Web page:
Kemp’s life in cricket in this first in a (possible) series of blogs…
Initially, incredibly, I achieved some minor cricketing success in my youth.
A youth, it must be said, that seems as long ago now as the Industrial Revolution.
Now, when it takes me a good couple of rocks to lift me up out of the sofa and the head gleams like a newly boiled egg. But I have my memories.
Memories like the time I was first selected to represent Middlesex.
This obviously came as quite a shock to me. And to my team mates. I was hopelessly out of my depth. I had only really played village cricket before – me: a very keen kid with few friends and an unhealthy obsession with cricket; the rest of the team: world-weary men around the age of retirement who probably just wanted to get away from their wives for an afternoon.
But still, I once went for a trail for the Middlesex Juniors team and, inexplicably, I was selected.
I got the feeling I was only picked for Middlesex as the coach of the under-16s seemed to take a rather curious shine to me. Few of the rest of the team did. The coach once told me that I reminded him of a young Simon Hughes. I imagined he meant I had a bit of pace and zip about my bowling and good cricketing sense, so it came as a bit of a blow when he continued “Yes, he had a habit of irritating everyone on tour too.”
But still the coach picked me. Including that fateful day that I was to bowl at a young Michael Vaughan.
Now, as I said, I wasn’t really good enough to be playing in a team that included the future Owais Shah, and the players would look at me with undisgusied contempt as yet another ball trickled through my legs for four, but I don’t think the coach – a man well beyond retirement age – really cared about all that. In fact, the only advice I ever remember him giving us was one day at Northampton when he stood at the dressing room door and said “Big game tomorrow lads, big game. I want all of you at your best. So…boxing gloves on in bed tonight, eh lads?”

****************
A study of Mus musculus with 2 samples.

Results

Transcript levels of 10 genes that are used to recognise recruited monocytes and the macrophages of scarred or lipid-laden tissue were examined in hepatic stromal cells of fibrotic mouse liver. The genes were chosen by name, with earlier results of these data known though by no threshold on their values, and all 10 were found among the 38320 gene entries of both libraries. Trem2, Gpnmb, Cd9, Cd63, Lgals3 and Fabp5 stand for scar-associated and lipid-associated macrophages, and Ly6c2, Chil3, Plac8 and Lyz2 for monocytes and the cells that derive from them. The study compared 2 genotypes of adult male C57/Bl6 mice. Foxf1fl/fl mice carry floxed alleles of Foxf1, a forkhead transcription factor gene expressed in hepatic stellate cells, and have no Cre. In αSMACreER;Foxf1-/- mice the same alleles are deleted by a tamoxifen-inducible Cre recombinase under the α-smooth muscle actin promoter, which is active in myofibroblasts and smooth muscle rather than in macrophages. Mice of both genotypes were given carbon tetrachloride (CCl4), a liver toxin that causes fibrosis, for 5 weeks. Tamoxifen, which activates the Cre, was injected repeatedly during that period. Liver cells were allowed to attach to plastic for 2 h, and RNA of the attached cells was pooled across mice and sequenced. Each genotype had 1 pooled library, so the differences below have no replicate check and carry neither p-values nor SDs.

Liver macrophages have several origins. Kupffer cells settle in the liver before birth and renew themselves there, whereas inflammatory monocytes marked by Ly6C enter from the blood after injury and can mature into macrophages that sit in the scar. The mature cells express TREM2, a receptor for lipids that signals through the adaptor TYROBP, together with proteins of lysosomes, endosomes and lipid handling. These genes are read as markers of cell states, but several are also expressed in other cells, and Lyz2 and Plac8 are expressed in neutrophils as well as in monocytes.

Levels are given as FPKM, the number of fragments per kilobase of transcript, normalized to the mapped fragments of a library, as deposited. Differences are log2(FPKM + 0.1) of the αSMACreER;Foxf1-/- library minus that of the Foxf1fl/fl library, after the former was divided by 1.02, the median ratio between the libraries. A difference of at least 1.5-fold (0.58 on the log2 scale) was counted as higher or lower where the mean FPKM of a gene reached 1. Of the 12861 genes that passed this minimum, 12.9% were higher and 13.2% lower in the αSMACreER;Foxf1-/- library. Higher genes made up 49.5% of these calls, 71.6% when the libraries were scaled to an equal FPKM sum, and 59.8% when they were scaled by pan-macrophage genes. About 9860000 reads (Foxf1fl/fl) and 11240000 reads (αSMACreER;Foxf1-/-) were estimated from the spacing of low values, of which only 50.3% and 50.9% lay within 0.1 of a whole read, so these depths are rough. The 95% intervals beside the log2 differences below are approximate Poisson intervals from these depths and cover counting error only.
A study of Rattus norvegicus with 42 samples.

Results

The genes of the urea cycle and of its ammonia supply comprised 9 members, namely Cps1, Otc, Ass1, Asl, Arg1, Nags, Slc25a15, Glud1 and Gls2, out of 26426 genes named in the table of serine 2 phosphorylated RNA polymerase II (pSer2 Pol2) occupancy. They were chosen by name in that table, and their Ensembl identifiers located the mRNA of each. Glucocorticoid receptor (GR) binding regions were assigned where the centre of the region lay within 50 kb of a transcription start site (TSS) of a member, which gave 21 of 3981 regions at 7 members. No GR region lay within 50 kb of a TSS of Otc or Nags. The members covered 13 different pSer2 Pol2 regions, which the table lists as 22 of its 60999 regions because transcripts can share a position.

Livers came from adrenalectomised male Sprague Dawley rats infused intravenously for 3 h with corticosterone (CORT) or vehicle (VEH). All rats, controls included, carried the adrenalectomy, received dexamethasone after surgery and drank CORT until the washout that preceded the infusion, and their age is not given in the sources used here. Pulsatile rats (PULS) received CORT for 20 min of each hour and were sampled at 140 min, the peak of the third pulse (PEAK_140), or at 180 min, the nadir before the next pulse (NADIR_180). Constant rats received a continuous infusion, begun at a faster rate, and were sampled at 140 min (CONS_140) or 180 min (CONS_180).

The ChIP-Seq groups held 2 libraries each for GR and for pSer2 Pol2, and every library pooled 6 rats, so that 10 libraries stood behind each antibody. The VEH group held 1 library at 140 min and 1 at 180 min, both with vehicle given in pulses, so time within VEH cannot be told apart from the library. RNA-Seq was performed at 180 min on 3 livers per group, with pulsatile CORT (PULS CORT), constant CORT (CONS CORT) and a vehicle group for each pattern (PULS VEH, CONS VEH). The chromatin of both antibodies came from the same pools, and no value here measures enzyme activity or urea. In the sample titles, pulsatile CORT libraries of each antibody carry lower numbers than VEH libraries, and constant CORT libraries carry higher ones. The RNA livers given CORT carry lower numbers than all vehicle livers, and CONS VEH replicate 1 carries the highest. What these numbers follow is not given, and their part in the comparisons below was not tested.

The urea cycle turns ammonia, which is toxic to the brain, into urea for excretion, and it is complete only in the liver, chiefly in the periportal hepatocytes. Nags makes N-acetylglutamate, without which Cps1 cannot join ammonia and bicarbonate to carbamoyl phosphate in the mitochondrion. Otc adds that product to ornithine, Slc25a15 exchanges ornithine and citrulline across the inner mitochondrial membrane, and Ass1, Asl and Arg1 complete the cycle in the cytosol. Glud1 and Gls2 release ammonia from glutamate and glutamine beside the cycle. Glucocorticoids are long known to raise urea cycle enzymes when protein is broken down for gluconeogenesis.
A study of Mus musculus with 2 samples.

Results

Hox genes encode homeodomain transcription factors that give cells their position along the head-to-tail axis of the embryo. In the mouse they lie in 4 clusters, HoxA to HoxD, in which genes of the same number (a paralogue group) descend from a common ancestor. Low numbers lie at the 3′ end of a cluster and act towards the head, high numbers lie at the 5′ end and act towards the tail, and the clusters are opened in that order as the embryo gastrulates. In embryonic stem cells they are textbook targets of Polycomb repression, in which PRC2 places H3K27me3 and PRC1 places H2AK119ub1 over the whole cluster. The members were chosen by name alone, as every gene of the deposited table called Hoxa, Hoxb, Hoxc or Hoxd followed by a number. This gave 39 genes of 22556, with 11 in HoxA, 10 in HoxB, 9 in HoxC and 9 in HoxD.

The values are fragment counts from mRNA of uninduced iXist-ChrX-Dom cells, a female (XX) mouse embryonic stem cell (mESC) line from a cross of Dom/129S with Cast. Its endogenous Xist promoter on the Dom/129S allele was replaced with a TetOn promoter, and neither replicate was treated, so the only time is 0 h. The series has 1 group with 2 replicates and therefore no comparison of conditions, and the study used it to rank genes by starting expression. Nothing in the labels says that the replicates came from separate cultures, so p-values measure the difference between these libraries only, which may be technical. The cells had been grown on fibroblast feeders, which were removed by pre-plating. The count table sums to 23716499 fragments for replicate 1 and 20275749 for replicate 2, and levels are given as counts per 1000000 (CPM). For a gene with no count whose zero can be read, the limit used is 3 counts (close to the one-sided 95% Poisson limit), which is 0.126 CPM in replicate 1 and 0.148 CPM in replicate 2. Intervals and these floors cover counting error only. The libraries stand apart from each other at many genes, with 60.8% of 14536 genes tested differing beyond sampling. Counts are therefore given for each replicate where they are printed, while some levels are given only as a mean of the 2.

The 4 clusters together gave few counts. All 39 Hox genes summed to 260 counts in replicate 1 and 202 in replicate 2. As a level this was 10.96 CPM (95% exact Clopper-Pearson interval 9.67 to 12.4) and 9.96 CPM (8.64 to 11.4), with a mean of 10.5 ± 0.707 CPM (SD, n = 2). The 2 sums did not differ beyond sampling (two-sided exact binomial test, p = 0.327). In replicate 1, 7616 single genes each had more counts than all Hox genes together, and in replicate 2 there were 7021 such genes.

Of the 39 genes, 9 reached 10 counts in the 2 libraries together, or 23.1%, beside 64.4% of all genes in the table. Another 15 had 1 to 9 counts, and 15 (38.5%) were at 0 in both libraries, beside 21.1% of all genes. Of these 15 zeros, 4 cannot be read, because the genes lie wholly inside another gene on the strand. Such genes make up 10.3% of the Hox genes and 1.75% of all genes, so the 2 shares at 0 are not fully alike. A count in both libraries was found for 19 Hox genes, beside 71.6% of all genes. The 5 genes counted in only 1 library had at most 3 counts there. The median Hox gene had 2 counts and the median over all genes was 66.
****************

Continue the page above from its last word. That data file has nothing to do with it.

I had to ask the wicketkeeper, who looked to have the beginnings of a goatee beard and seemed a lot more advanced in ways of the world, what he meant by this.
Anyway, we were on tour, playing against Yorkshire in a beautiful field somewhere in the Dales. I spent most of the game down at fine leg, hands in pockets, taking in the scenery really.
When a couple of wickets fell there was a mumur in the mid-pitch huddle.
“Good player, the next bloke in. I don’t fancy bowling at him”
“Me neither. I hear he takes you to the cleaners”
“I’m not bowling at him. Think of my average.”
By the time I’d sauntered up from the boundary, whistling away, a decision had been made.
“Kemp, you’re on next over”
So this was how I got to bowl at the future one-time ‘No 1 batsman in the World.’
As Vaughan took guard and I rubbed the cherry furiously on my backside, trying to look the part, I noted the field seemed to have set themselves back rather deep. I could hardly see them they were so far back on the boundary rope.
As I peered myopically into the distance, trying to spot my man on the sweep, I did notice something very odd though.
It appeared that Catherine Zeta Jones was sat on a bench out there, waiting to see my first delivery.
I later found out that the Darling Buds of May was being filmed in a field over the way, but the whole thing was really beginning to take on a surreal aspect.
I waved fine leg round a bit. Just for something to do really.
I started my run up- always too long. Trying to impress. I always marked out a run up that left me knackered before I’d even passed the umpire.
I leapt into my action.
Planted my front foot down.
And sent down a PEACH of a delivery. Fast, swinging, just catching the seam and jagging inwards. Vaughan didn’t stand a chance. The stumps were splayed like an over-elaborate flower arrangement.
After an understandable moment of stunned silence, I was mobbed.
Never again would I be so lauded in my cricketing career. Zeta Jones even looked like she was weighing up the idea asking me out on a date.
Life couldn’t get any better.
Fast forward 10 years and my cricketing career had ground to a halt and, as with everyone who fails at playing the game, I’ve started to write about it.
I’ve been sent to interview Michael Vaughan on his appointment as England cricket captain.
I get to Lords and am told that Vaughan is running a bit late. So I repair to the Lord’s Tavern and wait for the call.
40 minutes and 4 pints go by, suddenly my phone rings.
“Michael is ready for you now. Hurry up!”
I sprint round to the pavilion, arriving out of breath, over-weight and smelling terribly of the pub.
Also, due to an unfortunate earlier holiday incident where the bald pate had caught the sun and I’d rubbed a cream with a tanning agent into it, my head had turned a luminous shade of bright orange.
I’m again eye to eye with my old adversary (or rather not as Virgil has grown a good foot taller while I seem to have stayed stunted at 5 foot not much).
“Remember me?” says the orange headed, wheezing journalist.
“No? I once bowled you middle stump…”
I suppose, thinking about it, the best way to sum up the look I was given was probably… withering.